Howard Marks: Equities are Under-owned and Un-loved
November 19, 2013
by Robert Huebscher
Howard Marks is the founder and chairman of Oaktree Capital Management, a Los Angeles-based firm with approximately $80 billion of primarily fixed-income and distressed assets under management. The “illuminated” edition of his, book, The Most Important Thing, was recently released. It contains comments from notable investors, including Christopher Davis, Joel Greenblatt, Paul Johnson and Seth Klarman.
I spoke with Mr. Marks on November 15 at the University of Virginia Investment Conference in Charlottesville, VA.
In your book you make the following observations about cycles: “Rule number one, most things will prove to be cyclical. Rule number two, some of the greatest opportunities for gains and loss come when people forget rule number one.” At this time, are people forgetting rule number one in either the equity or the bond market? Tied into that, in your last memo in August, The Role of Confidence, you wrote that we were in the middle ground of the valuation cycle. What has changed since then?
That is still true. Markets go up and down, and at the bottom they’re cheap, and then they rise to fair and then rich. We are in the middle range with regard to U.S. stocks. They have come a long way from the lower range a year and half ago. They are probably up 45% on the S&P from there. I thought they were very cheap at that time, and now they are at fair to full value. Full does not mean over-priced. I think they’re somewhere in the upper part of the fair territory.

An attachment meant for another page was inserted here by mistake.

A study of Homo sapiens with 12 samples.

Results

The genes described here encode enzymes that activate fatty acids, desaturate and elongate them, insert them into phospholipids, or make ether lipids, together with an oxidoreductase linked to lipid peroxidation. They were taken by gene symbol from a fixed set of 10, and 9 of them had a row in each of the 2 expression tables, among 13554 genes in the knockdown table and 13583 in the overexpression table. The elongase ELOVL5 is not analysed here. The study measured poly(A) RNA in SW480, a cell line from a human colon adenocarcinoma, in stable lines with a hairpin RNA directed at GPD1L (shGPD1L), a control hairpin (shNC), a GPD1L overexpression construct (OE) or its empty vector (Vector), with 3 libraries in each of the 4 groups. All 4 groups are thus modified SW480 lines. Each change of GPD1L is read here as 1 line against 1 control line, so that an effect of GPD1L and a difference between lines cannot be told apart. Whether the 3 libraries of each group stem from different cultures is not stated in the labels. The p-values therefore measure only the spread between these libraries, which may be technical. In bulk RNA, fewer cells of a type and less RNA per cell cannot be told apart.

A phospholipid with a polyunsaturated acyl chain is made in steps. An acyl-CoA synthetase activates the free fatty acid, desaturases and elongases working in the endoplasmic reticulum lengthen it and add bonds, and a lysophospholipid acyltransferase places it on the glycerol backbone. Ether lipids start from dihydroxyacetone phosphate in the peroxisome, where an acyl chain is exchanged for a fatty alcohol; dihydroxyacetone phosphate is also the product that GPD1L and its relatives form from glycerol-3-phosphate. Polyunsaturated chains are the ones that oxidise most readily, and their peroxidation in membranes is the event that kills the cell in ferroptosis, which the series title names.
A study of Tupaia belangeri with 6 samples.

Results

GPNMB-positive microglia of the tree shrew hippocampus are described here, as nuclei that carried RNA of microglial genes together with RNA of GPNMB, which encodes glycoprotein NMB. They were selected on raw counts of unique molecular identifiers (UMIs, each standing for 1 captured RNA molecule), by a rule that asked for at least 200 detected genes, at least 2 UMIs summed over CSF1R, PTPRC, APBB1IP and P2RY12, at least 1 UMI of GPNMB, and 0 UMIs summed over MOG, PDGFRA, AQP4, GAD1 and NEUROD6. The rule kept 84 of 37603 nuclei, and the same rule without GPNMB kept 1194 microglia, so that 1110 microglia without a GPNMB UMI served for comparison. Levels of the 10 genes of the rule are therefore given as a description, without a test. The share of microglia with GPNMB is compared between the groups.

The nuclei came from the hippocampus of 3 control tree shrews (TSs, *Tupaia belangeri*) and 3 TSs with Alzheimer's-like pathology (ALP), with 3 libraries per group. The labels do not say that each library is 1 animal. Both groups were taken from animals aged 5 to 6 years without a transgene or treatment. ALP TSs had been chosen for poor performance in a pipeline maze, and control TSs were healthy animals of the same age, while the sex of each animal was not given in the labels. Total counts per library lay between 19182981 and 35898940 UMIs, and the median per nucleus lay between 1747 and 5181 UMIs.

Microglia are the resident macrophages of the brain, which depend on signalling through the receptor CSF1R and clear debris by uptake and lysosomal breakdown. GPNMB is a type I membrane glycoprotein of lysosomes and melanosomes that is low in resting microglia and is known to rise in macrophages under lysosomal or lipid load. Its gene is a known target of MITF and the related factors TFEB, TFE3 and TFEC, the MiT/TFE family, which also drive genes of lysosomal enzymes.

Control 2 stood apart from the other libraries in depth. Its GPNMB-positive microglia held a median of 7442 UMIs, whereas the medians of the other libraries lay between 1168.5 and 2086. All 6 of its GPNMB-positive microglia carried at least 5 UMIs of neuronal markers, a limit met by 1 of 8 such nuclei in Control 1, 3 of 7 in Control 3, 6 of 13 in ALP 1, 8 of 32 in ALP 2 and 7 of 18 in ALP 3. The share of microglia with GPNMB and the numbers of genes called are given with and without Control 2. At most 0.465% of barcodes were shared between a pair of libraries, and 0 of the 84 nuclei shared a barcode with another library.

All bonds are expensive since interest rates are being held artificially low by the Fed’s bond-buying program. One of these days, I hope, the government will stop holding interest rates down and rates will go up a moderate amount. If the 10-year today is 2.7%, my guess is it is going to go to 3.5% to 4%, but not to 6% right away. Bonds in general are rich. Credit spreads within the bond universe look okay.
You are a proponent of second-level thinking. Can you give a short explanation of what that means for the benefit of our readers?
It mainly means that you have to understand how securities are valued and how money is made. If you take a simplistic approach you can’t succeed. Second-level thinking says that you have to think different from and better than the crowd. If you think the same as the crowd you’ll have average results.
How is money made? If corporate profits grow 6% a year, it’ll be easy to make 6% a year in stock market. But to make more, or to outperform others, you have to think different and better. Money is made when the crowd’s expectation of the future turns out to have been too low, when reality exceeds perception. Obviously, if you are going to make money to an above average extent, you have to see when the crowd’s thinking is off. By definition, if you think like the crowd you can’t know when the crowd is off.
As I say in the book, the first-level thinker says, “This is a good company, you should buy the stock.” The second-level thinker says, “This is a good company, but not that good. You should sell it because it is up on expectations.”